While we can’t be certain what the future will bring, we are certain VR is here to stay and we’re interested in looking at investment opportunities in this space. As with any emerging technology, we’re not expecting to find a pure-play virtual reality stock but it doesn’t hurt to look.
The two dominant headsets at the moment are the Oculus Rift and the HTC Vive.
Oculus is owned by Facebook, a $376 billion company that is in the business of keeping people connected and largely wasting their time. HTC Corp (TPE:2498) is a little known Taiwanese company with a $2 billion market cap and a stock price chart that looks like this:
So over the past 5 years, HTC stock has lost -83% of its value and appears to have experienced no hype whatsoever relating to its move into virtual reality with their “Vive Headset”. Is there an opportunity here that everyone is missing?
The first thing to note is that HTC Corp trades on the Taiwan stock exchange which is not that accessible to foreign investors. Sure, if you have an account with Interactive Brokers you’ll probably be able to buy shares in HTC but you’ll first have to buy Taiwanese dollars and there will probably be exchange fees. In short, if you’re an average retail investor wanting to buy this stock, it’s going to be a pain in the a33. Could that inaccessibility mean that we have a sleeping tiger here which is ready to explode with the next surprise earnings report due to strong sales of the HTC Vive? That’s what we need to find out.
Since their inception in 1997, HTC has been at the forefront of innovation. They developed the world’s first Android smartphone. In the year 2000, they debuted one of the first touch screen smartphones in the world. In 2010, they sold the world’s first 4-G capable phone in the United States. Then everything fell apart and in October of 2013, a declining share of the smartphone market led to their first quarterly loss ever. Since then, they’ve been trying to innovate their way back into profitability and shareholders are hoping the Vive can help take things over the top.
We’re working with very limited information here so the first thing we want to look at is current revenues. As it turns out, HTC reports their revenues every month and spits them out into the handy chart seen below:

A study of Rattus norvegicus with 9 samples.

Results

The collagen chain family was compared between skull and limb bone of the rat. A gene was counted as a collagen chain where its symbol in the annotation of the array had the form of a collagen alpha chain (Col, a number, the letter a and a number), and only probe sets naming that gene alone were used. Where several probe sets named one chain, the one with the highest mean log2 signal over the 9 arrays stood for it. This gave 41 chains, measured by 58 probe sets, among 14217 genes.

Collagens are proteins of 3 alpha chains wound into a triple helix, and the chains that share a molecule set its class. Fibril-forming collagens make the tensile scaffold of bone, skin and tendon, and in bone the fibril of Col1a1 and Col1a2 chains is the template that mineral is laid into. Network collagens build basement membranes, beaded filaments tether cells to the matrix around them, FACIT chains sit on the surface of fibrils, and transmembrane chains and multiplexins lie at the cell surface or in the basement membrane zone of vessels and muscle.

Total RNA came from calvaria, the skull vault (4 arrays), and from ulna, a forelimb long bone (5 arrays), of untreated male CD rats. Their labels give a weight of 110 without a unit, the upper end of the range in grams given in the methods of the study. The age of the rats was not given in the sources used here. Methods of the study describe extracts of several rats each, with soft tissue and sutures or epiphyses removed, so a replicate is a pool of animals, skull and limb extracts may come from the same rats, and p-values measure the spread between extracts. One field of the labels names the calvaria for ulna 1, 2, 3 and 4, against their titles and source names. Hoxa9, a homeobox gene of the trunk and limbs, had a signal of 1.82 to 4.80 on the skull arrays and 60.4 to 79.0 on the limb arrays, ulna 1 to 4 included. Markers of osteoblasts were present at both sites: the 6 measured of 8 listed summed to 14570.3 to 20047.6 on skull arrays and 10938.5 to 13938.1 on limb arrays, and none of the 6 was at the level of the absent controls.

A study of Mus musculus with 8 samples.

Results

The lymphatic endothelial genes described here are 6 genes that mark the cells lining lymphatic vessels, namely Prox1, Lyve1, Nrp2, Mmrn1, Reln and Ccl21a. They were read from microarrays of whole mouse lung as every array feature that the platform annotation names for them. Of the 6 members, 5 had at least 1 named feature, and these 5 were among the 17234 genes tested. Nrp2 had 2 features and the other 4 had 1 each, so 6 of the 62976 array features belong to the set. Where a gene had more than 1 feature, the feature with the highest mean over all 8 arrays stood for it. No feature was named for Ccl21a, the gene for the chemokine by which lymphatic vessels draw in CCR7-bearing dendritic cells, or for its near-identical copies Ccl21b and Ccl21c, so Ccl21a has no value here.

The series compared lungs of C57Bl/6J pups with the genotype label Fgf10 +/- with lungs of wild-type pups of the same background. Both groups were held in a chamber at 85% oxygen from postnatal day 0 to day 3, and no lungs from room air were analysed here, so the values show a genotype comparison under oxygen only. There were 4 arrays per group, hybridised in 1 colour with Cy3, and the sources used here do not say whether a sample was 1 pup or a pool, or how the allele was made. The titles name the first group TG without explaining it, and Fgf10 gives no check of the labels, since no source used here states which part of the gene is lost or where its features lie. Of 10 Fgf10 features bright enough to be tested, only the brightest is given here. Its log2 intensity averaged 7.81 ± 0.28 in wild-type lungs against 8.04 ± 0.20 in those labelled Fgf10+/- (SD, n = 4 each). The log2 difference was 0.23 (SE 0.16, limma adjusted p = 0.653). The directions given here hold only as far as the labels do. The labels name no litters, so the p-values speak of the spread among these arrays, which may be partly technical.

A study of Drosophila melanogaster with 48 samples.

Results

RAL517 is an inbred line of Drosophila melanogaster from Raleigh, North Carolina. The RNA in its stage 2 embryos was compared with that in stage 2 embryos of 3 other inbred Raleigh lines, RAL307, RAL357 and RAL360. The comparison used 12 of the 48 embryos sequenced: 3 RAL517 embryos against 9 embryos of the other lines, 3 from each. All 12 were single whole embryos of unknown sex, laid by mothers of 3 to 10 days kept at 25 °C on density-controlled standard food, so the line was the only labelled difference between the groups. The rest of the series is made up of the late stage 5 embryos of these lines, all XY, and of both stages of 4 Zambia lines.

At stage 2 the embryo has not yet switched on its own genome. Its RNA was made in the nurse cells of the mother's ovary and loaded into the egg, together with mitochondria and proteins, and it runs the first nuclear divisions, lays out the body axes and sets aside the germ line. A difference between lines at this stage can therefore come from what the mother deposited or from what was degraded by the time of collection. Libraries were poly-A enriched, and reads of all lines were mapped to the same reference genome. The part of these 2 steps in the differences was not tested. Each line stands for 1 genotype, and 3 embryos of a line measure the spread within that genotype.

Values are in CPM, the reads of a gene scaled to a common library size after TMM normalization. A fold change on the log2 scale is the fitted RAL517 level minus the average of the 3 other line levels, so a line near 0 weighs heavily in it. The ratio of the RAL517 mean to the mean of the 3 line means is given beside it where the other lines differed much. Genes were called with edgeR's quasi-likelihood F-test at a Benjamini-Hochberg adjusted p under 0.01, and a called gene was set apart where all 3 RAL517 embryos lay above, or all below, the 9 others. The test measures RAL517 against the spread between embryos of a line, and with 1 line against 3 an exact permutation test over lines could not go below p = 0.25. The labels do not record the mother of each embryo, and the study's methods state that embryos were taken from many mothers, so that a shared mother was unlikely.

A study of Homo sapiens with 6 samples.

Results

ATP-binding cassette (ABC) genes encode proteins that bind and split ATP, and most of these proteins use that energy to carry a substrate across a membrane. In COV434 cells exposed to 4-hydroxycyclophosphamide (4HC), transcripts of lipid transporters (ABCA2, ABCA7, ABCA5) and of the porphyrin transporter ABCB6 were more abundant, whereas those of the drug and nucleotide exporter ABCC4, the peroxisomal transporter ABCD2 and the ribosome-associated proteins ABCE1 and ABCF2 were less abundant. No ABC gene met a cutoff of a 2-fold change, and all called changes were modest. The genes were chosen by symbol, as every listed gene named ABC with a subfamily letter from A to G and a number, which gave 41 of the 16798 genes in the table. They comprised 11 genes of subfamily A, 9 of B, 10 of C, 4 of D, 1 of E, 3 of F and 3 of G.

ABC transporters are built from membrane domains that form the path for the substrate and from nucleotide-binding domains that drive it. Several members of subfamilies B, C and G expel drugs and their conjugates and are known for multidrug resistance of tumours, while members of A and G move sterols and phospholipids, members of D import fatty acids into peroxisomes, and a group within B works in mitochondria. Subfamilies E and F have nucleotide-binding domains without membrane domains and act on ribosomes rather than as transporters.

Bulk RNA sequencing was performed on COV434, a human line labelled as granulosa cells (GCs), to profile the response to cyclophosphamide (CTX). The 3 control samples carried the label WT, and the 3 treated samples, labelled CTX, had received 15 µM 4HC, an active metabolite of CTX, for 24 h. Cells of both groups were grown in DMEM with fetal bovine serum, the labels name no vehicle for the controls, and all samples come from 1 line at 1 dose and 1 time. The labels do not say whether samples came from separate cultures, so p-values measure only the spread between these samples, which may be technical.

Don’t pay too much attention to the actual numbers as they’re in Taiwan dollars, just pay attention to the trends. We do see a clear upward trend but this doesn’t mean a whole lot unless we know where those revenues are coming from.
An article by Road To VR states that in their most recent Q3 earnings presentation, HTC stated they had sold “much more than 140,000” headsets and that they sold these at a profit. Let’s assume that “much more” means double that and round it off at 300,000 VR headsets sold so far. The HTC Vive is selling at a price point of $799.99 so back-of-the-napkin math puts their revenues at around $240 million. Here’s what revenues and profitability have looked like for each of the past 5 quarters:
Again, since the numbers above are expressed in Taiwan dollars you’re just looking at the trends here. Q3 revenues of 22.2 billion TWD translates into about $700 million USD in revenues. With our estimates of $240 million coming in from sales of the HTC Vive, it’s very reasonable to think that sales of VR headsets can move the needle here.
HTC doesn’t provide a great deal of granularity into where these revenues are coming from. We would hope that over Christmas they sold a few more VR headsets than normal, though their December 2016 monthly revenue doesn’t appear to show anything out of the norm. Having a track record of being first to market with leading technology phones and then losing out to the likes of Samsung and Apple makes us wonder if their competitors simply learn from HTC’s mistakes before launching their own superior products.
One thing is for sure. If you’re wanting to take a punt on shares of HTC in hopes that the Vive will turn the company into a pure-play virtual reality stock, now’s the time to start accumulating. Just remember that you’re going to be taking on some currency risk with the Taiwan dollar and the foreign exchange transaction fees can be quite steep. That might mean that dollar cost averaging is off the table and you’ll have to make your entire purchase at one go which will incur additional market timing risk.